Raiders think Schaub can return to form

ORLANDO, Fla. -- Good morning from the NFL league meetings, where team owners, executives and head coaches have gathered for a few days of mostly business.

I'll be here for the meetings, which start this morning. Texans general manager Rick Smith, a member of the league's competition committee, is here, along with head coach Bill O'Brien. Texans owner Bob McNair isn't here, but chief operating officer Cal McNair will be.

There are 13 rules proposals and seven bylaws on the agenda for the week. And as it progresses, I'll try to check in with an array of Texans topics.

I started Sunday, chatting with Raiders general manager Reggie McKenzie about both the decision and the process that led to the trade for former Texans quarterback Matt Schaub.

"The guy’s had some talent," McKenzie said. Then he quipped: "I mean Andre Johnson was his target. It’d be nice if they would’ve thrown in Andre in the deal, too."

That would have cost a lot more than the sixth-round pick the Raiders gave up for Schaub (and also wasn't on the table). He does think a change of scenery could change things dramatically. I asked for some details on that philosophy.

"Sometimes you get into a funk you can’t get out of," McKenzie said of Schaub, whose 2013 season showed some statistical anomalies in terms of his career. For example, Schaub, as you know, set a record for consecutive games with a pick-six. "And sometimes you can work yourself through. At that time he couldn’t get himself out and then they made the switch [to Case Keenum]. He didn’t have time to work himself out in the long-term standpoint. Last year didn’t go the way he wanted so we’re hopeful that he can get back to his winning ways and play some good football."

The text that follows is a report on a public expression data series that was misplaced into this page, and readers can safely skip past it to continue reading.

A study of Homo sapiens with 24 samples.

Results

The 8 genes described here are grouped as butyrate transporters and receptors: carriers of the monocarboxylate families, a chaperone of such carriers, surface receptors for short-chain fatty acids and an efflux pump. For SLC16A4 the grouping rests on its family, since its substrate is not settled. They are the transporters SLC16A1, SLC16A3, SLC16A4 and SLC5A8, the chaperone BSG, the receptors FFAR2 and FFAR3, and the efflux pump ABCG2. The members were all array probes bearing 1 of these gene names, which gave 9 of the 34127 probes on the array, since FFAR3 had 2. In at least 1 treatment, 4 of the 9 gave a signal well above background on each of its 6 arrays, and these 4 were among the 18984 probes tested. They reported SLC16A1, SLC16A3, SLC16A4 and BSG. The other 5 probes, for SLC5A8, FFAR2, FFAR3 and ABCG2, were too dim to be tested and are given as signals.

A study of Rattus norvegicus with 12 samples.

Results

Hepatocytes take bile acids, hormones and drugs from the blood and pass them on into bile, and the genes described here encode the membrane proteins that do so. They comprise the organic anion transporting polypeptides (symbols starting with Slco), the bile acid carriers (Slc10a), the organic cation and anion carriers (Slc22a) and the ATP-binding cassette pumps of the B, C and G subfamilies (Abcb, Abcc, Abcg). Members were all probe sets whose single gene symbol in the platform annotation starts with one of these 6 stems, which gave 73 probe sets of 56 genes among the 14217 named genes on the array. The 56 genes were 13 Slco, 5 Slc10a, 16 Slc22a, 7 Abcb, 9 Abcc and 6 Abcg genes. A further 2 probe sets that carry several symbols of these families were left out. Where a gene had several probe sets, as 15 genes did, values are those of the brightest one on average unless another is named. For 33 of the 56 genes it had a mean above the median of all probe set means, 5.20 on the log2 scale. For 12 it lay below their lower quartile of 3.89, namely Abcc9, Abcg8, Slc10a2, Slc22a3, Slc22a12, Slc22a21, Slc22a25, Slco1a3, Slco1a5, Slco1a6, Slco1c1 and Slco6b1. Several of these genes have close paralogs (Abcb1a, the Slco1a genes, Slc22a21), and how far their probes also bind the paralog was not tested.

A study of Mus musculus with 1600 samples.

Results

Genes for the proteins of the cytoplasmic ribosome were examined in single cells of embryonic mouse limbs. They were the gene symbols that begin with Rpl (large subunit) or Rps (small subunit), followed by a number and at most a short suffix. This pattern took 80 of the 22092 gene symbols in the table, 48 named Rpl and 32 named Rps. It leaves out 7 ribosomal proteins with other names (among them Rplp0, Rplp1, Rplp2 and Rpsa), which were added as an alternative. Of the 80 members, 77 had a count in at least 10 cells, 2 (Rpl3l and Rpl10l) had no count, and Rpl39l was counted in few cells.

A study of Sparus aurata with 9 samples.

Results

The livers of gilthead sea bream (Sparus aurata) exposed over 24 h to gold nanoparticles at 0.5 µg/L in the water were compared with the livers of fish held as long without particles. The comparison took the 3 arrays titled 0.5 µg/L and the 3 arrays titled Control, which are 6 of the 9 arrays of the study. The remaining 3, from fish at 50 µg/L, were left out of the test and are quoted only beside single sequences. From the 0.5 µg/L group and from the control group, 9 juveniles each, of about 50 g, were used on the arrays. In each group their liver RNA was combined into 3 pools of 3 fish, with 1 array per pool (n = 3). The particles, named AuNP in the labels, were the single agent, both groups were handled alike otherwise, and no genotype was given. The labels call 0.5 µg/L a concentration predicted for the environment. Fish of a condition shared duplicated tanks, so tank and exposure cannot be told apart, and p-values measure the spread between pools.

McKenzie said the Raiders kept their eye on Schaub as they identified players they thought would be released or on the trading block. They worked out the deal and agreed to terms even before the Texans signed Ryan Fitzpatrick, McKenzie said.

"They may have sped up the Fitzpatrick signing because they knew our signing with Schaub was going to happen," McKenzie said.

For the Raiders, it was a chance to get a quarterback who they felt was consistent in most of his career. Even though there was a chance Schaub could be released, Oakland ensured they got him by giving up a sixth-round pick. His age also fit -- 33 in June is not too old, not too young, either.

"We don’t have a lot of veterans on the team from the standpoint of a whole lot of guys that have been there for a long time," McKenzie said. "We don’t have that. So not only at that quarterback position, we’ve brought in guys that have some leadership qualities, that have been there and done it. ... We’ve got some young quarterbacks that we feel like his presence can help."